Time to phase out all contentious bonfires

There can only be enormous relief that the 50th anniversary of internment without trial was not marked by any form of disturbances across nationalist districts of Belfast.

Only 12 months ago, police officers in riot gear were attacked with bottles and other missiles while assisting contractors in the removal of bonfire material in the Distillery Street area.

Trouble has regularly broken out in similar circumstances over recent years, with anti-social conduct over several days also marring the wider approach to the August 9 period.

Considerable credit is due to the organisers of the Féile an Phobail festival, who coordinated a Sunday night dance night event in Falls Park which was attended by thousands of impeccably behaved young people.

In another commendable move, tickets to the celebration, which were free but had to be reserved in advance, were also offered to youngsters who attended a pop-up Covid-19 vaccination clinic.

It was not a coincidence that fire officials were able to confirm to this newspaper that no call-outs to bonfires in west Belfast were received over the weekend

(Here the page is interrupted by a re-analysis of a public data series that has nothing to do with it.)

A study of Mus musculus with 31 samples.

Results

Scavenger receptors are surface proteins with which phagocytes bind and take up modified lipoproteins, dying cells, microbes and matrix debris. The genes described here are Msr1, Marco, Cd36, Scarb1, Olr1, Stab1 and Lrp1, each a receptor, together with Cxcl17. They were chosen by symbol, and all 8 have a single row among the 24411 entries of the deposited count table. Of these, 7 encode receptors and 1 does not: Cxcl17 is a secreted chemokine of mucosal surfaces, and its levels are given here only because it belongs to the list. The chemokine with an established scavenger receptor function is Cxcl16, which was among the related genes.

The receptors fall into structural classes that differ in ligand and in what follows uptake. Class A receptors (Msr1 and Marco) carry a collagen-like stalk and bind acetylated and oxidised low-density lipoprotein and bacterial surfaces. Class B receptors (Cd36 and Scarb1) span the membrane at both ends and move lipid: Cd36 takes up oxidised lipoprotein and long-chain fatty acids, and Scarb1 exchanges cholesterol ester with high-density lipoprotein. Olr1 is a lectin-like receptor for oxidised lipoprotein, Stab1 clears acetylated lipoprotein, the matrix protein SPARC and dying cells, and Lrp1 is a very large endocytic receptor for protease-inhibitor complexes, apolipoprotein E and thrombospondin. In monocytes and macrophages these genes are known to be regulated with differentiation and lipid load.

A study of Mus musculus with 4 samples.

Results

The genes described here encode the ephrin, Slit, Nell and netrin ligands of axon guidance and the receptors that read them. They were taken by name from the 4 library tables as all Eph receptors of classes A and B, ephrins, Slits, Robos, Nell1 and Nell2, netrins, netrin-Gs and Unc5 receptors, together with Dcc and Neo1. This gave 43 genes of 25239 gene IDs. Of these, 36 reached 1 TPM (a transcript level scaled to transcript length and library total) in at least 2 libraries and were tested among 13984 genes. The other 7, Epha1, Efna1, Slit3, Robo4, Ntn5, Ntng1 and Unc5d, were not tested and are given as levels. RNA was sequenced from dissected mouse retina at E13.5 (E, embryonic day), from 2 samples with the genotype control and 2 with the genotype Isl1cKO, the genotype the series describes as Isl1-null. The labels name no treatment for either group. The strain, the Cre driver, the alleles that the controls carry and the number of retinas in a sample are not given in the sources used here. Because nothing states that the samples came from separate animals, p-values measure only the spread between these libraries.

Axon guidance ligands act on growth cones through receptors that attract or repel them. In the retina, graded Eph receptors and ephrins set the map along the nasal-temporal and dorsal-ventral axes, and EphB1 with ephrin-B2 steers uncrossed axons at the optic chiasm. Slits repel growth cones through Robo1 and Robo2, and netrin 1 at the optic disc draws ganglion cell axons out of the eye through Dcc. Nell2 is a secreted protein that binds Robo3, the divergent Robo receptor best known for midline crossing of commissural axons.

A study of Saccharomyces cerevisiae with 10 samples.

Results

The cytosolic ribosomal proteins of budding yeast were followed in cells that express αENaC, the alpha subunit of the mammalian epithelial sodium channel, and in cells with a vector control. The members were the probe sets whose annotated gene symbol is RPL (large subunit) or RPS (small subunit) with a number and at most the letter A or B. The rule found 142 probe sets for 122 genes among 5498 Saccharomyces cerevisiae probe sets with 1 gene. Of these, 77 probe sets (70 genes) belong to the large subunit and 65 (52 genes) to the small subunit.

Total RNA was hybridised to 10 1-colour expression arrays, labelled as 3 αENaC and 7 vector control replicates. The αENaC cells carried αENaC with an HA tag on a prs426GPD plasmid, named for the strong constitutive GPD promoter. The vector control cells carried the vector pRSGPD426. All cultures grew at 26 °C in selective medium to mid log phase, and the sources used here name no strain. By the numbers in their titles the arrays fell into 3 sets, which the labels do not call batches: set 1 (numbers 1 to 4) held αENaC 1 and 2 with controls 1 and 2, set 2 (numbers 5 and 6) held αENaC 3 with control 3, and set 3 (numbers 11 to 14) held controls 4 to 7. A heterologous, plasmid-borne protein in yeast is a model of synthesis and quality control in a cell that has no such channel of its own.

This was a welcome development after a summer in which serious concerns were expressed about the positioning and increased height of a range of loyalist pyres.

Dozens of onlookers narrowly escaped death when a huge blazing edifice toppled to the ground in Portadown, while a teenager was critically injured after suffering burns to his face and body in an incident at a bonfire at Ballysillan in north Belfast.

There will be disappointment that a controversial republican pyre in Derry's Bogside which has included grossly offensive material and slogans in the recent past looks set to be set alight again this Sunday.

It would have been entirely appropriate if representations from community leaders had resulted in its abandonment but there are at least indications that attempts have been made to limit the disruption which is likely to take place in the neighbourhood.

Negotiations have reportedly taken place behind the scenes, and it seems that material including wooden pallets will be placed at a newly cleared construction site at Lecky Road.

It must be hoped that efforts will be intensified to completely end the practice of staging contentious bonfires in nationalist districts by this time next year.

The success of the Féile an Phobail initiative has demonstrated what can be achieved when the energies of young people are channelled in a strongly positive direction.